BRADENTON, Fla. (AP) — Michael Griffin knew he could no longer pretend his eyes were fine after he failed the vision test required to renew his driver’s license.
He was 24, and doctors had told him 10 years earlier he had juvenile macular degeneration, a condition that can progress over years until causing partial or complete blindness.
He did not tell anyone about the diagnosis — not even his family.
“I was embarrassed to say I couldn’t see,” said Griffin, 37. “Looking back I wish I would have said something. I probably would have started college a lot earlier if I had the help I needed.”
Now, about 13 years after he was denied his license, Griffin is working toward an associate degree in computer programming at the State College of Florida, with the hope of attending a four-year university and creating applications to help others with visual impairment.
This summer he was awarded a $2,500 scholarship from the American Council of the Blind and $500 from the council’s Sarasota chapter.
Griffin does not use a cane or a guide dog. He can see, but his vision is blurred. He can see outlines of people walking in hallways and blurred images of letters marking buildings.
He zooms in so close on computer screens that he sees one word at a time. When he scrolls through his iPhone, his face hovers centimeters over the extra-large letters on the screen.
Elizabeth Dowdy, a Spanish professor at SCF who retired in February, said she was on the lookout for a cane and sunglasses when she learned she would have a visually impaired student. It wasn’t until Griffin introduced himself that she realized it was him.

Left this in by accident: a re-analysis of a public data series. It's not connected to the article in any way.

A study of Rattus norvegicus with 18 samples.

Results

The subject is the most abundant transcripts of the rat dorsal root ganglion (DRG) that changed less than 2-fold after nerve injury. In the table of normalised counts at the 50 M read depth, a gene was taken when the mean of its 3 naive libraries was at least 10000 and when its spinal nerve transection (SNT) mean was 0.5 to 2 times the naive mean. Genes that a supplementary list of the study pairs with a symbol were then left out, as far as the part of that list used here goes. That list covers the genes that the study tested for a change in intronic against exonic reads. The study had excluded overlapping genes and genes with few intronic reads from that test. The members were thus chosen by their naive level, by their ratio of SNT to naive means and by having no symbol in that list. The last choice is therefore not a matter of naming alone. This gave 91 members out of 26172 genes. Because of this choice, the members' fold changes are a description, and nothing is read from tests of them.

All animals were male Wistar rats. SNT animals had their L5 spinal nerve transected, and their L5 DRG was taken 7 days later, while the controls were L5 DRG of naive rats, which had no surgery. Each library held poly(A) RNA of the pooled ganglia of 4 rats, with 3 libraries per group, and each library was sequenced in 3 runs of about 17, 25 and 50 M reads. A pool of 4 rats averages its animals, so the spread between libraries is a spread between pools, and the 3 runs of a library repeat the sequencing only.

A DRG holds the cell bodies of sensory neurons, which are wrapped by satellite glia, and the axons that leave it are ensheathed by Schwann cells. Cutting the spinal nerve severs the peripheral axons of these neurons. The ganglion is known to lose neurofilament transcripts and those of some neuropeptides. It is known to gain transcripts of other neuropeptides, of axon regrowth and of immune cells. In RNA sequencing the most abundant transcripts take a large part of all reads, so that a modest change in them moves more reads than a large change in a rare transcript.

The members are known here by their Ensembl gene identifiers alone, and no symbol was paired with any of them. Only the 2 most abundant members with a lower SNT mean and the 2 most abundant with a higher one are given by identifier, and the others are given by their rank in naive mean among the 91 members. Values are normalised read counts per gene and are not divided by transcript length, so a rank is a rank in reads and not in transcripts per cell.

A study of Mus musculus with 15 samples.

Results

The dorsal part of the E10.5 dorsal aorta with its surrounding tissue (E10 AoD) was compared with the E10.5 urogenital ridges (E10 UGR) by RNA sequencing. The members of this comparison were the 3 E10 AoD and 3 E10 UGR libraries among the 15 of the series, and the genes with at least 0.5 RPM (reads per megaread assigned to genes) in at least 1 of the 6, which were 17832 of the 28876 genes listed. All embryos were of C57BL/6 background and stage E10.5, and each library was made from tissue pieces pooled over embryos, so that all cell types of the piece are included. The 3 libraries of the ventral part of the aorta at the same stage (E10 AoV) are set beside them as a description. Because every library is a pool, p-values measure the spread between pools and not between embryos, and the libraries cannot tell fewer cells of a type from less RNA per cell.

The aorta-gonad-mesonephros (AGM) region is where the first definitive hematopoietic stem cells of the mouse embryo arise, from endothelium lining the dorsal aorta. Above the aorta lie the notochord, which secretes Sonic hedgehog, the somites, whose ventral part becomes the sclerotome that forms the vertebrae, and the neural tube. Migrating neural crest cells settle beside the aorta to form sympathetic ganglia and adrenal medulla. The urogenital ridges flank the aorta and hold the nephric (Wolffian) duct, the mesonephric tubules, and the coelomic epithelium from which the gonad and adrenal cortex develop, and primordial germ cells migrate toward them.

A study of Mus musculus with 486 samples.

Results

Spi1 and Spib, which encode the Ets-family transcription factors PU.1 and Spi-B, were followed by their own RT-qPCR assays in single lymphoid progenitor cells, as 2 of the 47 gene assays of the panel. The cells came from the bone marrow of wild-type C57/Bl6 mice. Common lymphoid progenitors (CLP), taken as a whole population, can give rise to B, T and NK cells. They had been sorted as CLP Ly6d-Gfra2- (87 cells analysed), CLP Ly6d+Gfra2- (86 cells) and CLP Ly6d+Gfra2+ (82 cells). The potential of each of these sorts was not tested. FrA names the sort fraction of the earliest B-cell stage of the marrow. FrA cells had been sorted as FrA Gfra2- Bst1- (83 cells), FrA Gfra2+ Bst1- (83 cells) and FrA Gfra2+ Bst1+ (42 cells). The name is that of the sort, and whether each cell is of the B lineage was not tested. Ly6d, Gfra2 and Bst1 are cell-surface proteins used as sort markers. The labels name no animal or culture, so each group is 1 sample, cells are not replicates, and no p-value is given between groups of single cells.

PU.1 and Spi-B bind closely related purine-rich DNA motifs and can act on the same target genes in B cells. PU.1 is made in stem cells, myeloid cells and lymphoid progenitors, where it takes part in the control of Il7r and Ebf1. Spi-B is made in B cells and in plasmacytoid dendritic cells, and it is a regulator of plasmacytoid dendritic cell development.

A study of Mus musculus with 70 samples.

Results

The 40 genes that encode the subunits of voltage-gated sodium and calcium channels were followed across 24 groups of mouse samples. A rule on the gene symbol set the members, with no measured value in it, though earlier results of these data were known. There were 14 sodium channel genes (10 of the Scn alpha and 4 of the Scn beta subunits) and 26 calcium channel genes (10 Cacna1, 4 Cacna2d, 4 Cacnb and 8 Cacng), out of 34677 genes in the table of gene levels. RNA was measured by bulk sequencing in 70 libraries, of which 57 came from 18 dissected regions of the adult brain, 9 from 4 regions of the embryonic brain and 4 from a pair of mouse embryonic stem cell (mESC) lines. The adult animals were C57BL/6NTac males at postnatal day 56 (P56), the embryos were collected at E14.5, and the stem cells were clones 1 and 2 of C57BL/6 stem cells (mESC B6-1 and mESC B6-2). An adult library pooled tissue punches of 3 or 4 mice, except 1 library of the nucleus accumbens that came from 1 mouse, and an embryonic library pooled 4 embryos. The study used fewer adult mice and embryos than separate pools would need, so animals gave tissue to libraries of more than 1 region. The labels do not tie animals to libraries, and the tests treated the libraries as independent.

When he began to bring a large laptop with him to class, Dowdy saw how he struggled to fit one word on the screen at a time.
“I’m thinking as a teacher he can’t even see the whole word, how will he read sentences?” Dowdy said. “But he did it; he even developed his own software to keep up.”
It was a struggle for Dowdy and Griffin, but Griffin’s pleasant determination won Dowdy over. He’s the only student who has her personal cellphone number.
Although reading his work quickly is difficult, Griffin has learned C++, Visual Basic and Python coding languages in his computer science courses. He’s teaching himself how to code C-Sharp, a language used for computer and phone applications.
Griffin’s uncle, the Rev. Charles Williams, said his family was shocked when Griffin said he wanted to go back to school for computer programming. But he and other family members are proud of Griffin’s resolve.
“It was huge for us,” said Williams. “It’s a testament for other people to see no matter your ability, you can be what you choose to be, and you have people who will help you.”